Regions of the brain affected by PTSD and stress.

Regions of the brain affected by PTSD and stress. (Photo credit: Wikipedia)

I’ve learned a lot recently about post-traumatic stress disorder (PTSD).

As the National Institute of Mental Health defines it, PTSD is an anxiety disorder that some people get after seeing or living through a dangerous event (

Anyone can get PTSD, and at any age, including: war veterans and survivors of physical and sexual assault, abuse, accidents, disasters, and other serious events.

One thing I didn’t know until recently: not everyone with PTSD has experienced a serious event. You can also get PTSD if a loved one is harmed, or threatened, or dies.

Most important, researchers now believe that there’s a kind of evolutionary process that passes on protective coping strategies from generation to generation. An example might be avoidance behaviors to loud sounds. Why do loud sounds often make us run, not approach?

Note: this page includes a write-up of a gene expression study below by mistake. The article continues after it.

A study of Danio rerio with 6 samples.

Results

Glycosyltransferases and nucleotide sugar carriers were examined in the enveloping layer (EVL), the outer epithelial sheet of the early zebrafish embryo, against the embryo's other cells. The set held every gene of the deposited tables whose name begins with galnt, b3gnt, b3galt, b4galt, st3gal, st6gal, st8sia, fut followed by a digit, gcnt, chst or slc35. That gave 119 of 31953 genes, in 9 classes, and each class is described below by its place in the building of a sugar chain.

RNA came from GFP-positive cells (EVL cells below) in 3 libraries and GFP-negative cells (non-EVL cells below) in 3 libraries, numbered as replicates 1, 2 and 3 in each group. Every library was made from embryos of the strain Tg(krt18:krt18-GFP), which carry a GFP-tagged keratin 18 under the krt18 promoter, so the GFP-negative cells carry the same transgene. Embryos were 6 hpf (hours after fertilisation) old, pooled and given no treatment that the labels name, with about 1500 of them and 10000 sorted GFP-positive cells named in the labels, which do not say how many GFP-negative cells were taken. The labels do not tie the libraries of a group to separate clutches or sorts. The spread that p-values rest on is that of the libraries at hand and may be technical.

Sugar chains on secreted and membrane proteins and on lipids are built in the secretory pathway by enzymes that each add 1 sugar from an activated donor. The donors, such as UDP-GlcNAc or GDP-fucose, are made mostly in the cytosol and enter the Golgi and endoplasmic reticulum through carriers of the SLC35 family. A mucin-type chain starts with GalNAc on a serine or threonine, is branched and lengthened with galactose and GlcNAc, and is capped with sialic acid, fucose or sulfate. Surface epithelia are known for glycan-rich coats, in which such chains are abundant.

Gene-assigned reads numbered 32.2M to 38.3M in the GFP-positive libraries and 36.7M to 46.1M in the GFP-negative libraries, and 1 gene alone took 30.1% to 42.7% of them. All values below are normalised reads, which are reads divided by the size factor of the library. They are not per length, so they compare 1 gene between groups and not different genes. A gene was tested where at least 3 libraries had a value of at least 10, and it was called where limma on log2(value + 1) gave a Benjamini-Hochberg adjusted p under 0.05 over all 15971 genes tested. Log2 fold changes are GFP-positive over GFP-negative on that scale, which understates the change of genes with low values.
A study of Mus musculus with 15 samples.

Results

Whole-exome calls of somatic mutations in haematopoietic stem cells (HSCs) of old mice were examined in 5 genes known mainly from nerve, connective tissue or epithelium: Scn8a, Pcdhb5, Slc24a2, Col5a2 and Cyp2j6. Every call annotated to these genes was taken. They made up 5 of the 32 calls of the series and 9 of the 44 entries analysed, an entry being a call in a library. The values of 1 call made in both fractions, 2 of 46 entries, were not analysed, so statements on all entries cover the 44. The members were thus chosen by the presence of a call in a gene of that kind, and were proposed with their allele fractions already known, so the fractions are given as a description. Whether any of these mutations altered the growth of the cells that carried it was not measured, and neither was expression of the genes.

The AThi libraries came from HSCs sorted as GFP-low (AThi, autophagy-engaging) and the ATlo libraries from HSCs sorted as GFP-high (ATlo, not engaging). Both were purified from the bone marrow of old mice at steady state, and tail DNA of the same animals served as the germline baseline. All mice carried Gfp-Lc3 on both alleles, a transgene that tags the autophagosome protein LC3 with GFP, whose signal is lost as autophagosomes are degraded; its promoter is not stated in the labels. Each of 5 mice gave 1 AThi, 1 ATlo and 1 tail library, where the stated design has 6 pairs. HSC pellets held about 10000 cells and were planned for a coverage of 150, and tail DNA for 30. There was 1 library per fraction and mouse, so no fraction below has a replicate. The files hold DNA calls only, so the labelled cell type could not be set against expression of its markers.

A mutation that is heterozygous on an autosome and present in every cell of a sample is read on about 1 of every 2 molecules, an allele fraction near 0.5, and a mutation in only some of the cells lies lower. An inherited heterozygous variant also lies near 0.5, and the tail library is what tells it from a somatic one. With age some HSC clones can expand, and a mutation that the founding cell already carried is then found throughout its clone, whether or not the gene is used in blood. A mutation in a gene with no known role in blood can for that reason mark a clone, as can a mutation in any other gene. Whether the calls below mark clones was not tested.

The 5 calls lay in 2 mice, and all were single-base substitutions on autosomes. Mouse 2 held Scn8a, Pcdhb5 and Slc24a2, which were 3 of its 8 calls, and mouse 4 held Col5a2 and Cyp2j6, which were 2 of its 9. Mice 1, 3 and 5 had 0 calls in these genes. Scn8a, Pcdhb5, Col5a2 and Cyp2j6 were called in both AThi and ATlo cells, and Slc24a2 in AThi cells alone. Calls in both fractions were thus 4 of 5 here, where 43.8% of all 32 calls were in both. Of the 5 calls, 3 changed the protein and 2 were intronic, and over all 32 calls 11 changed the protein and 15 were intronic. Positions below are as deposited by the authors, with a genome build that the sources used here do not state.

Similarly, PTSD may be hereditary. NIMH studies show greater evidence of PTSD in descendants of people with PTSD. Further, genome-wide association studies (GWAS) show that we may one day be able to identify biomarkers for PTSD behaviors such as anxiety.

Even more studies show that PTSD might even pass into our society as a kind of collective unconscious, whether attributed to genetics or a collective “knowledge” of the past.

Why pay attention to PTSD?

If you’re a person in pain, you may not be improving because a PTSD component hasn’t been addressed. Again, you can have PTSD whether you’ve experienced a serious event or not. You might have a cloud of otherwise inexplicable depression that doesn’t respond to medication. You just don’t feel good, and you may have pain in one or more places in your body.

And if you do have traces or more of PTSD, professionals like me who use physioenergetic  therapy (therapy that has techniques to address anatomical, physiological, and energetic problems) may need to clear PTSD energy before being able to determine the root cause of your pain and either reduce or eradicate it.

The great news is that I can help you. Whereas little was known 12 or 13 years ago when I first opened my practice, today I know quite a bit about PTSD and have specific therapy to help resolve it so that we can move forward to resolve other issues.